Noting the widespread concern about the quality of education in our schools, Schall examines what is taught and read (and not read) in these schools. He questions the fundamental premises in our culture which do not allow truth to be considered. Schall lists various important books to read, and why.
"James V. Schall has written a delightfully odd book about books, because he believes that (1) to be educated is to confront the great questions about what is; that (2) many modern students, in or out of school, never learn to raise, much less answer, the great questions, thus are uneducated in the deepest sense; and that (3) great books, past and present, which wrestle deeply yet non-technically with these questions rather than passively mirroring popular culture with its myopia and prejudices, can fill this vacuum for anyone, in or out of school. It contains unusually sane reflections on education, unusually reflective reviews of books, and unusually discriminating booklists. Just the book I have wanted to give my students for years."
- Peter Kreeft, Boston College
- Russell Kirk, Author, The Conservative Mind p>"Few teachers can match Fr. Schall at conveying a sense of the life of the mind, few would have the audacity to write about `what a student owes his teacher', or the charm to carry it off, or the wisdom to make it memorable. He never forgets that `to learn' is a transitive verb, and that its object is truth."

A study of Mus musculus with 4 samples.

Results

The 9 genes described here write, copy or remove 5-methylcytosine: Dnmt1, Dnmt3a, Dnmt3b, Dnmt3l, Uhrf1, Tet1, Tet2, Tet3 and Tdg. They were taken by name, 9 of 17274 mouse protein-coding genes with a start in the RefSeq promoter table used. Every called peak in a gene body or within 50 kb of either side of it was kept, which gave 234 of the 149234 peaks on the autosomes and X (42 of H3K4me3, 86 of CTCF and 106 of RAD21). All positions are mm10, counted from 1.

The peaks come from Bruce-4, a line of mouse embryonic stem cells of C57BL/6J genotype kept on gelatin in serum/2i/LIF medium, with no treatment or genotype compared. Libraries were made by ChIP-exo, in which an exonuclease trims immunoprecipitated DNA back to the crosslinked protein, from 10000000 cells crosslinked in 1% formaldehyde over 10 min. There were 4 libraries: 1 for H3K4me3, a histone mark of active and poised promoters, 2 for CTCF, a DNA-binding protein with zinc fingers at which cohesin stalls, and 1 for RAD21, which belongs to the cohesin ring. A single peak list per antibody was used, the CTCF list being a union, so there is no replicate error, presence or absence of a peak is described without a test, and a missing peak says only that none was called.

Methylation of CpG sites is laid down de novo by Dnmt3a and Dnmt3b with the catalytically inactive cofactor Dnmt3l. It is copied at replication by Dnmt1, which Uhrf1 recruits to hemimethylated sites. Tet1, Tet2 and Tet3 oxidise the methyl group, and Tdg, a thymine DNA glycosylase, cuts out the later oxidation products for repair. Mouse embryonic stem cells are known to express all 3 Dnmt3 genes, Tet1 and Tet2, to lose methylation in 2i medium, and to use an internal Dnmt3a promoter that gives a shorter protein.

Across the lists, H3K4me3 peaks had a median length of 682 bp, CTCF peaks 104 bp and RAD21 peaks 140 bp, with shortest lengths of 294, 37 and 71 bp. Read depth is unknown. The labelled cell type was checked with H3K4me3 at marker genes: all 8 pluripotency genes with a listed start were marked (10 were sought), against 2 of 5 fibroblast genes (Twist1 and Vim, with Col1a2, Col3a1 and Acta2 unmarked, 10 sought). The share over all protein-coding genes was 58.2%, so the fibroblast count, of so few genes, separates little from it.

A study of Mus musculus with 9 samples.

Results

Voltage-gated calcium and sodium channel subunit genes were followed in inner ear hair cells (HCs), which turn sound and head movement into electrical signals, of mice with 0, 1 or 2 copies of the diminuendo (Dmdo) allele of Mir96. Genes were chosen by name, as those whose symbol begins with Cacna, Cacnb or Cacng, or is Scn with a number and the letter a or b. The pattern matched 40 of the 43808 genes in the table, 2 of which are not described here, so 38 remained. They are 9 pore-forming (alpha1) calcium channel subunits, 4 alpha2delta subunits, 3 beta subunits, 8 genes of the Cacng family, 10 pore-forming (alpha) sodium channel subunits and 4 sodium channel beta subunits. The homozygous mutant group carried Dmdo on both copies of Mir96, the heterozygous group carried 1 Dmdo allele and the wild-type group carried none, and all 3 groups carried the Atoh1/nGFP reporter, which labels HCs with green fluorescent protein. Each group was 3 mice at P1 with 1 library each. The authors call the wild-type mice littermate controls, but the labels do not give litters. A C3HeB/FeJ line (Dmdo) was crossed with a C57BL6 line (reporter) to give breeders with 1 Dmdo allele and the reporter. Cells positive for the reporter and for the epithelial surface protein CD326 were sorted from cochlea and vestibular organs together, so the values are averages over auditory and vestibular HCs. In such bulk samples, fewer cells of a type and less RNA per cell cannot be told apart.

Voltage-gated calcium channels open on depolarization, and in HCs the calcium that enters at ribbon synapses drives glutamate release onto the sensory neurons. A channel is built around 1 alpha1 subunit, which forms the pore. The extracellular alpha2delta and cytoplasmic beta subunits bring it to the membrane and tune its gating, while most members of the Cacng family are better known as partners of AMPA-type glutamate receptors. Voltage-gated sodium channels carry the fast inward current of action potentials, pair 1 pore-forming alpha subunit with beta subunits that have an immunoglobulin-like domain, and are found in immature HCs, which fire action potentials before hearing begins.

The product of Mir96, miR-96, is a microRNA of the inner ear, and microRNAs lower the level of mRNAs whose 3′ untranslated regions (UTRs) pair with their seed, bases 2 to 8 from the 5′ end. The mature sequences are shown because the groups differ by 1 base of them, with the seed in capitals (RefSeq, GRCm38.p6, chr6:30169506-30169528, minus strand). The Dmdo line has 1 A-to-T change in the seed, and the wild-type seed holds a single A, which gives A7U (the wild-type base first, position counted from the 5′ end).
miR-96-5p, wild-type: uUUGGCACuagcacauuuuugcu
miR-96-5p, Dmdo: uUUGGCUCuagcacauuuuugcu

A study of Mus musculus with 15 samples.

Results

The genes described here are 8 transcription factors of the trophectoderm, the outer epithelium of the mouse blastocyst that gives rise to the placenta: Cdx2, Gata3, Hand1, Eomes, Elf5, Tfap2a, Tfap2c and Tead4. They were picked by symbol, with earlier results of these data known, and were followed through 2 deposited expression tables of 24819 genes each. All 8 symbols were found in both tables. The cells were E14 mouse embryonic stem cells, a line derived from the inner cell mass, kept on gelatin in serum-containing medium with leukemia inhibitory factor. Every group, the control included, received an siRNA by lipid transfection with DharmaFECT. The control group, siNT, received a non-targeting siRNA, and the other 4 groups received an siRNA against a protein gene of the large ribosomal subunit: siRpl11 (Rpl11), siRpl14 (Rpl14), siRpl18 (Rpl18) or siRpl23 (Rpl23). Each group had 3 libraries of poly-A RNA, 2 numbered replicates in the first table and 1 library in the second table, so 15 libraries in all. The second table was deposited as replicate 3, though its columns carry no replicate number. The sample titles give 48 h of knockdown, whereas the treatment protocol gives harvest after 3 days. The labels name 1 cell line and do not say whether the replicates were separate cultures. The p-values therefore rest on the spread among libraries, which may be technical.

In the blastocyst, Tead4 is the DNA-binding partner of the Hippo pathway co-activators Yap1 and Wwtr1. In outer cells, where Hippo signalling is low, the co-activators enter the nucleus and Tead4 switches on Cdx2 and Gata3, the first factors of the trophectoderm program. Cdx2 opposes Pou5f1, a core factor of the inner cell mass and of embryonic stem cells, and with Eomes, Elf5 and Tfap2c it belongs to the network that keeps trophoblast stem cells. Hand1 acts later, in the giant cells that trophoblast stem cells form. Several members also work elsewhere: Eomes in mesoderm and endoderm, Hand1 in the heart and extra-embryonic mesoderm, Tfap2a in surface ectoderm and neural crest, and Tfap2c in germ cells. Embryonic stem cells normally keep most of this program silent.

- Joseph Sobran, Editor, National Review
"This is a book for those who like to read and to think--about ultimate questions of existence and essence, `about time and learning, about humor and wonder'. It is chock-full of ideas about reason, faith, doubt, truth, evil and good."
- John H. Bunzel, Hoover Institution, Stanford University
- Dr. James Hitchcock, St. Louis University p>Inspiring insights from an IP customer
I am waiting to board a flight and will be reading my well loved copy of Another Sort of Learning. I wanted to thank you for writing it. It has been a gift in my life.
When I was just out of high school I was diagnosed with cancer. The treatment caused me to miss the normal college period of a young life. After all the surgeries and treatments I ran for the mountains to wrestle with God. And He patiently wrestled back.p>In all of this I missed out on formal education. By the time I was ready I could not afford to attend. I was to busy earning my living. Your book opened up the exploration of not only why we are alive, but how to live well. It lead to a better understanding of faith and life. For this I thank you. p>I am 40 now. The education your writing helped me find makes life a passionate exploration of the divine in the here and now. And makes the future all the more alluring.